Donald Trump was supposed to take over the Republican Party, but the question going forward will be whether the Republican Party takes over him.
So far the early legislative agenda of Republicans after the Trump revolution is shaping up to be what you would have expected prior to the Trump revolution. It’s a cookie-cutter GOP program that any Republican who ran for president in the past 40 years would feel comfortable signing, with its prospective centerpiece being another round of across-the-board tax cuts.
It’s not that Trump didn’t campaign on all of this over the past year. His candidacy combined utterly conventional Republican positions with a few signature policy heterodoxies and a flame-throwing populist message. If it’s comforting that he doesn’t seem intent on waging war on his own party in Washington, the opposite risk is that he loses some of his political distinctiveness in the grinding legislative wars to come.
This is why the Democratic approach to Trump so far, besides being insane, is wrongheaded. The Democrats are preparing to fight what they consider a kleptocratic handmaiden of Vladimir Putin, an unprecedented threat to the American republic that justifies cockamamie schemes like calling for the Electoral College to ignore the results of the election.
There is no doubt that Trump is unlike any prior president. But Democrats will in all likelihood find their opposition to Trump running in a familiar rut — Republicans are heartless tools of corporations and the wealthy. They don’t care if people lose their health insurance. They are cutting taxes for the rich. They are deregulating bankers. Etc., etc.
This is the critique that Hillary Clinton didn’t make of Trump, opting instead to emphasize his outlandishness. In this vein, liberals are now resisting “normalizing” Trump, when they should be perfectly content to normalize him — specifically, to make him a normal Republican.
It’s possible to see the case already building. The candidate who issued thunderous jeremiads during the campaign against a globalized elite that had literally stolen from small-town America has assembled a Cabinet that by and large could have been put together by Ted Cruz, or for that matter, Mitt Romney.
Then there’s the congressional agenda. The early indications are that Republicans will pass a partial repeal of Obamacare out of the gate that could further destabilize the law’s rickety exchanges and lead to people losing their insurance.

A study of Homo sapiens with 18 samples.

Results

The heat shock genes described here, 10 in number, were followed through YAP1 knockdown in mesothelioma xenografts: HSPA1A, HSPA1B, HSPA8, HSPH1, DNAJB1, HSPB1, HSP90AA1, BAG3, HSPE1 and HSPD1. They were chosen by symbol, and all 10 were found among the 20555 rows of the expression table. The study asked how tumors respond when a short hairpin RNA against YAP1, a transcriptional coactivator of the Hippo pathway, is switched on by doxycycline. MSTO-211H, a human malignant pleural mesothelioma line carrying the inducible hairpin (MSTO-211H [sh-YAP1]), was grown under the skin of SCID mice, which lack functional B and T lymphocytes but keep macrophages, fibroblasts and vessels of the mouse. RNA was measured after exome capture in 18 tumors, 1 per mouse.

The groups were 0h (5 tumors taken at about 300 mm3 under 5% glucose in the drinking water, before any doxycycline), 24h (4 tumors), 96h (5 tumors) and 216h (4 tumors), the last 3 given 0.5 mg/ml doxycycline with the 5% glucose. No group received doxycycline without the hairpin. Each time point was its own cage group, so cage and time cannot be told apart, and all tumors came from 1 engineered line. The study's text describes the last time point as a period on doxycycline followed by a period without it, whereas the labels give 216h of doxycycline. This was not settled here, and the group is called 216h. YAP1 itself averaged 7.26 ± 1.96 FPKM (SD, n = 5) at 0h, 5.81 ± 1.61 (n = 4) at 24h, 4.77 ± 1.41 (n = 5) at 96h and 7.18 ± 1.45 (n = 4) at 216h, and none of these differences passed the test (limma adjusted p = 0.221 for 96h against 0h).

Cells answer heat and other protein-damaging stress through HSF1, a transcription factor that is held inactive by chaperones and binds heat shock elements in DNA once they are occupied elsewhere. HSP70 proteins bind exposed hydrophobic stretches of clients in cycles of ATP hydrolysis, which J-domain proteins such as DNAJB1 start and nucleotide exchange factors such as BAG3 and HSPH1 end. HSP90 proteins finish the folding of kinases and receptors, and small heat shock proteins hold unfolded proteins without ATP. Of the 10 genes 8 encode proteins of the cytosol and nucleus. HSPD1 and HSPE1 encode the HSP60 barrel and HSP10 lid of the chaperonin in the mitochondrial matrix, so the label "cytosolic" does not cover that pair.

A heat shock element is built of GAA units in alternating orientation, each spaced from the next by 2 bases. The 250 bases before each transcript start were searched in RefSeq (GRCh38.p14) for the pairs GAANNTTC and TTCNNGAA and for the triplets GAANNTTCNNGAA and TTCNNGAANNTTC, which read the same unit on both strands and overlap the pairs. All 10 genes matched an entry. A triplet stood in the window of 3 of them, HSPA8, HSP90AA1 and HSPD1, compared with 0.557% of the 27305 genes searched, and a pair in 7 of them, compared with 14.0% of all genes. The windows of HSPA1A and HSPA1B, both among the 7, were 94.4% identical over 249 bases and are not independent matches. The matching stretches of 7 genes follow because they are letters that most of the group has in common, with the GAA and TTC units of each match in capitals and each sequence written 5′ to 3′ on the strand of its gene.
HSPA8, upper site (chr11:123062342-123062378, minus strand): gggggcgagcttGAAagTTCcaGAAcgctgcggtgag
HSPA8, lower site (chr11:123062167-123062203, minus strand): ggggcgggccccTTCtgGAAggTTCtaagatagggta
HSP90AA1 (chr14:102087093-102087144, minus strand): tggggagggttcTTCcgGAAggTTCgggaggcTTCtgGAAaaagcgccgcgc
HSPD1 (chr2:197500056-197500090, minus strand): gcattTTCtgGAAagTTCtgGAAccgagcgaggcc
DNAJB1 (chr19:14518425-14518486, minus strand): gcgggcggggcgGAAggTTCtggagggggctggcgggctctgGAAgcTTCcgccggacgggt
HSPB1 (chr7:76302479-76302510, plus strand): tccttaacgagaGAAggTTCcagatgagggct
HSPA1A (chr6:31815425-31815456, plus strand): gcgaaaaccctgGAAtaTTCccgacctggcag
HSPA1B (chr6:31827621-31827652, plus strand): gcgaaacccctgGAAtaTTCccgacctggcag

Next, congressional Republicans want to move on to large-scale tax reform. The starting point will likely be House Speaker Paul Ryan’s already well-developed plan for across-the-board income-tax cuts and a lower corporate tax rate. For all its merit, Ryan’s reform could have been incubated by any conservative think tank before anyone imagined Trump might run for president, let alone win.
What’s the point in having a populist Republican in the White House if congressional Republicans can’t find a way to couple some replacement measures with their Obamacare repeal to give people other options for getting health insurance? Or if congressional Republicans can’t make their tax plan more oriented toward the middle class, perhaps including a cut in payroll taxes?
All of this is subject to change, and Trump can potentially blow up the best-laid plans of congressional Republicans with one tweet. Of course, Trump will be heard from on infrastructure, trade and immigration, where he is in a different place than much of his party.
Neither wing of the GOP may like it, but the Reaganites and the populists are now in an uneasy alliance. It behooves the champions of a highly traditional Republican platform to think about what Trump’s victory means and to be more mindful than in the past of the interests of working-class voters. And it behooves Trump the firebrand to consider the responsibilities of governing.
There is a balance to be struck. The Republican establishment may welcome a more “normal” Trump, but so, in the end, will Democrats.
Rich Lowry can be reached via e-mail: firstname.lastname@example.org.